Posted by lex, on January 3, 2007
Hands up who likes criticism – even the constructive kind?
But who thinks criticism – especially the constructive kind – is important to prevent stagnation, stultification and terminal self-satisfaction?
Not the New York Times, apparently.
After the Jayson Blair fiasco, the Times hired Dan Okrent as its “Public Editor,” essentially an ombudsman role. In that role, Okrent is chiefly remembered for answering the question, “Is the New York Times a liberal newspaper?” with, “Of course it is.” Even though he went on to say that it didn’t matter, Okrent was respected, but not much loved at the paper.
His replacement at Public Editor, one Byron Calame? Not even so much. A four decade veteran of the Wall Steet Journal before signing on with the Times, he earned the enmity of editor-in-chief Bill Keller by initially supporting, and then reconsidering his support, for the story outing the overseas SWIFT banking surveillance program: It turns out that Bush made him do it * – support the story that is. He rowed back away from it all by his lonesome.
Calame also wrote questions to the papers editor and publisher – Pinch Sulzberger – on their decision to publish the story about NSA’s Terrorist Surveillance Program. Questions they declined to answer, being busy men the both of them. So we remain largely unilluminated on the decision process leading to publicly revealing a highly classified and admittedly effective tool against terrorism. I didn’t at the time agree with the paper’s decision to air these stories, and argued – vehemently – against it. I never argued however that they couldn’t have made these decisions or that they broke the law in doing so. Just that they shouldn’t have.
But there’s a profound difference between choosing to reveal inconvenient facts and making them up, or letting falsehoods go uncorrected. Recently the paper published a lurid and – for those of us living in the modern theocracy that is Amerika, cautionary tale – about a Salvadoran woman who had been sentenced to 30 years in prison for the crime of aborting her pregnancy. Calame had the temerity to point out that this was not, strictly speaking, an entirely accurate representation of what had occurred. It was, em, actually untrue. Translations of the court documents and autopsy report – which the Times fact checkers couldn’t much be bothered with even after the story had been exposed – revealed that instead of an abortion, the woman had been found guilty of post-natal infanticide. Murder of a living, breathing child in any other language. Which would get you prison time even in Manhattan, if I’m not too much mistaken.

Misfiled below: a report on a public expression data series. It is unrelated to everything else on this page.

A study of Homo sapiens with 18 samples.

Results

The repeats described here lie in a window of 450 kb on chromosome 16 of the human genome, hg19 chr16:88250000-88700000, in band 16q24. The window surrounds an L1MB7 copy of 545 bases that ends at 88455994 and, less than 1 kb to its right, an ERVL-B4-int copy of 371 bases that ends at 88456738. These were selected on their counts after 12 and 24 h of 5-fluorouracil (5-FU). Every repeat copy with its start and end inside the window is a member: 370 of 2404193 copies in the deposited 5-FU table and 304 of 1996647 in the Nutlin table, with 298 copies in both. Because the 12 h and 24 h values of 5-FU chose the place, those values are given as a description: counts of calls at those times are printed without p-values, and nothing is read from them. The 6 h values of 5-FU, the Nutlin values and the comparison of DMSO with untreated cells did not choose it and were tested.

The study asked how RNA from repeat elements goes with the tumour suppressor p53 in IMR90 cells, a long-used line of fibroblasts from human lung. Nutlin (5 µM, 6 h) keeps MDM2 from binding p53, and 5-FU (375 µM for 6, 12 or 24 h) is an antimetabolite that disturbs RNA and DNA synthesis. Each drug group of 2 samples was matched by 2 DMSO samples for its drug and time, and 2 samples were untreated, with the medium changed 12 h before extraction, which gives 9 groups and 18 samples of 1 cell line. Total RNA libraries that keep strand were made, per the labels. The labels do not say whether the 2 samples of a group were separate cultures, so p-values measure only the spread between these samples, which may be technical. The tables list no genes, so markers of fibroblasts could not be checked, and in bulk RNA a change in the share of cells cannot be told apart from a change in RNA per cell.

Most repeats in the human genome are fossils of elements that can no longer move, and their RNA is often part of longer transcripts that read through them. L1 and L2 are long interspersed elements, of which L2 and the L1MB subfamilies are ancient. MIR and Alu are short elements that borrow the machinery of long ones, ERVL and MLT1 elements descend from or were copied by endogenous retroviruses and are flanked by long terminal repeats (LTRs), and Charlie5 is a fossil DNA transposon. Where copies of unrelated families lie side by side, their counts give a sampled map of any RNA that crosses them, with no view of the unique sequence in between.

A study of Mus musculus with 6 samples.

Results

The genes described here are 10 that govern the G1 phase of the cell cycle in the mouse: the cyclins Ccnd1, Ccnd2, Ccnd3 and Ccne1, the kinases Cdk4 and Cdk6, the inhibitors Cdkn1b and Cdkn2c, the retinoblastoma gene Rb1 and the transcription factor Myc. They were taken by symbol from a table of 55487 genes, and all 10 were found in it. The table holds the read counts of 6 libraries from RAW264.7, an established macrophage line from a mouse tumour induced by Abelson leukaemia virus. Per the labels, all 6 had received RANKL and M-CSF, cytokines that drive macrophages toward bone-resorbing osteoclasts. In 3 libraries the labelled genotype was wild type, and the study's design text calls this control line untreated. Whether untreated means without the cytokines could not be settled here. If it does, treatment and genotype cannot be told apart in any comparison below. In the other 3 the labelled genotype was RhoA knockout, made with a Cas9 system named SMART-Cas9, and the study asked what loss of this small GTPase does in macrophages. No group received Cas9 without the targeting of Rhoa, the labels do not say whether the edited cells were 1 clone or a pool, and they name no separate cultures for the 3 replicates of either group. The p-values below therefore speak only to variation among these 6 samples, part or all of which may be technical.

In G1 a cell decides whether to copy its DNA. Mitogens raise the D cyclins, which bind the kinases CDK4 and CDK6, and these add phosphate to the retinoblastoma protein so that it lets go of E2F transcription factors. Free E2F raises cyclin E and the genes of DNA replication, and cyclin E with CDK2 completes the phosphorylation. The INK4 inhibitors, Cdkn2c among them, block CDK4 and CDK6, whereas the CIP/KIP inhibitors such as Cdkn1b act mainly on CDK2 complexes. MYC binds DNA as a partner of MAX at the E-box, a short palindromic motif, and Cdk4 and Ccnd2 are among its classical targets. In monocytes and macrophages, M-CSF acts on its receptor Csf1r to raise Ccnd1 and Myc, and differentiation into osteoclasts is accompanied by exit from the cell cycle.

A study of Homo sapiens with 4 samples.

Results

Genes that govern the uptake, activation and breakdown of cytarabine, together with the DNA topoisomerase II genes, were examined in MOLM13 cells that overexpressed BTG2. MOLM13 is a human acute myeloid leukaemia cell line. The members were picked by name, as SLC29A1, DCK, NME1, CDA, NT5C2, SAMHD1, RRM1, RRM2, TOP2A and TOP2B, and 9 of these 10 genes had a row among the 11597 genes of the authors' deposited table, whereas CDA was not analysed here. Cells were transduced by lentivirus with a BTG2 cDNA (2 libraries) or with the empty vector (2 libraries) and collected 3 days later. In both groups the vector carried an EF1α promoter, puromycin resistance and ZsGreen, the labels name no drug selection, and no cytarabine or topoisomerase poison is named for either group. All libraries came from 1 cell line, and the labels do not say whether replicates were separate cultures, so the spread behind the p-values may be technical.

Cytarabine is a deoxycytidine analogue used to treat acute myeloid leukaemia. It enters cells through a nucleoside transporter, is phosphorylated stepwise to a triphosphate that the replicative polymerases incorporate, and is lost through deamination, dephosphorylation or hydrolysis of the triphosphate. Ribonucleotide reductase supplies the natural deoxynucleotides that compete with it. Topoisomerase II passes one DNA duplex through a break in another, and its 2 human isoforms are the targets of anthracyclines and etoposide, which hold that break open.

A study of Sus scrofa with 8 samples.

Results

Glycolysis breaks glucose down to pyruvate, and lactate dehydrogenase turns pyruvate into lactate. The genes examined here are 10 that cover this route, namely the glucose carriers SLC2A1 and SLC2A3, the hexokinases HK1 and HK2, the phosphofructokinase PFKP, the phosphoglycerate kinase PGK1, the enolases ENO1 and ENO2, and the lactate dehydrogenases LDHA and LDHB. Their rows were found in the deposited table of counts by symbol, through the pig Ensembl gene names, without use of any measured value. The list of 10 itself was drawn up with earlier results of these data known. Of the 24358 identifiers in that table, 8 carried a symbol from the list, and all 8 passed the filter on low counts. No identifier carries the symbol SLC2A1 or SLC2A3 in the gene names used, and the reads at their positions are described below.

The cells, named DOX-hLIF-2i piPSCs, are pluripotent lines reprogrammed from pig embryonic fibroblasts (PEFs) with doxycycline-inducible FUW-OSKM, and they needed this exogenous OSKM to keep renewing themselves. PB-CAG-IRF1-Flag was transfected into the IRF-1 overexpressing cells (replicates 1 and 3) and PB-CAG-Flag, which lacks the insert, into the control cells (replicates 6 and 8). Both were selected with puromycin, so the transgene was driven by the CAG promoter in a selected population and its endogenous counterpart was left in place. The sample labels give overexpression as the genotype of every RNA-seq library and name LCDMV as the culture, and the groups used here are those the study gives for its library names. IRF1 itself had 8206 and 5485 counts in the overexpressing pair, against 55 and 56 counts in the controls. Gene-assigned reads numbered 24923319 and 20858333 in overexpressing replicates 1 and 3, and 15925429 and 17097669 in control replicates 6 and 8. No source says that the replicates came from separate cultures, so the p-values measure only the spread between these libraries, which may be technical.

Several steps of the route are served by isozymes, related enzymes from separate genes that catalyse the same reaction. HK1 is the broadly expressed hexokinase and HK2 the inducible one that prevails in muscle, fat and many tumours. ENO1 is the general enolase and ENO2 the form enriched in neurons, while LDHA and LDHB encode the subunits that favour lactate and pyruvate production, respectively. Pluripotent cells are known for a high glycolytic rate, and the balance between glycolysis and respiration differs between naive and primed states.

If you had anticipated that, faced with the realization that they had published such an inflamatory and grossly inaccurate story, the Paper of Record would swiftly follow up on their mistake by a issuing a prominent recantation – or even a brief note in the “corrections” page – you anticipate in vain.
So, say you’re the editor-in-chief of the New York Times and you’re faced with all of these intractable issues about editorial responsibility and journalistic accuracy. What do you do?
Well, you could always wait out the balance of the Public Editor’s term and then redefine the position:
The two-year term of the current public editor, Byron (Barney) Calame, will conclude in May. There may, or may not, be another.
“Over the next couple of months, as Barney’s term enters the home stretch, I’ll be taking soundings from the staff, talking it over with the masthead, and consulting with Arthur,” meaning publisher Arthur O. Sulzberger Jr., wrote Bill Keller, The Times’ executive editor, in an e-mail to The Observer.
Mr. Keller wrote in his e-mail that “some of my colleagues believe the greater accessibility afforded by features like ‘Talk to the Newsroom’ has diminished the need for an autonomous ombudsman, or at least has opened the way for a somewhat different definition of the job.”
“Talk to the Newsroom” is a forum for reader questions. Some of which might even get answered. By the same people who made the initial journalistic and editorial decisions being questioned. So that might work.
The point here is not that the paper is biased, nor that people shouldn’t make mistakes – they’re human. The point that the New York Times is a still-important news organization with a well-earned reputation for greatness and a fundamentally critical role in the protection of the American democratic experiment. The paper’s reputation and its ability to carry out its responsibilities are damaged in the eyes of the public by blindly accepting advocacy reporting because the story is too good to fact-check. They are further damaged by editorial mulishness when faced with concrete evidence of organizational sloppiness.
Good organizations learn from their mistakes. Great organizations look at failure as an opportunity for self-examination, professional growth and ever-greater excellence. The Times is an American institution, and far too important to be sacrificed on the altar of editorial ego – theirs is not a sinecure, but a trusteeship. Both the paper and the people it serve deserve better.
** 09-21-20 – Original link gone; substitute found – Ed.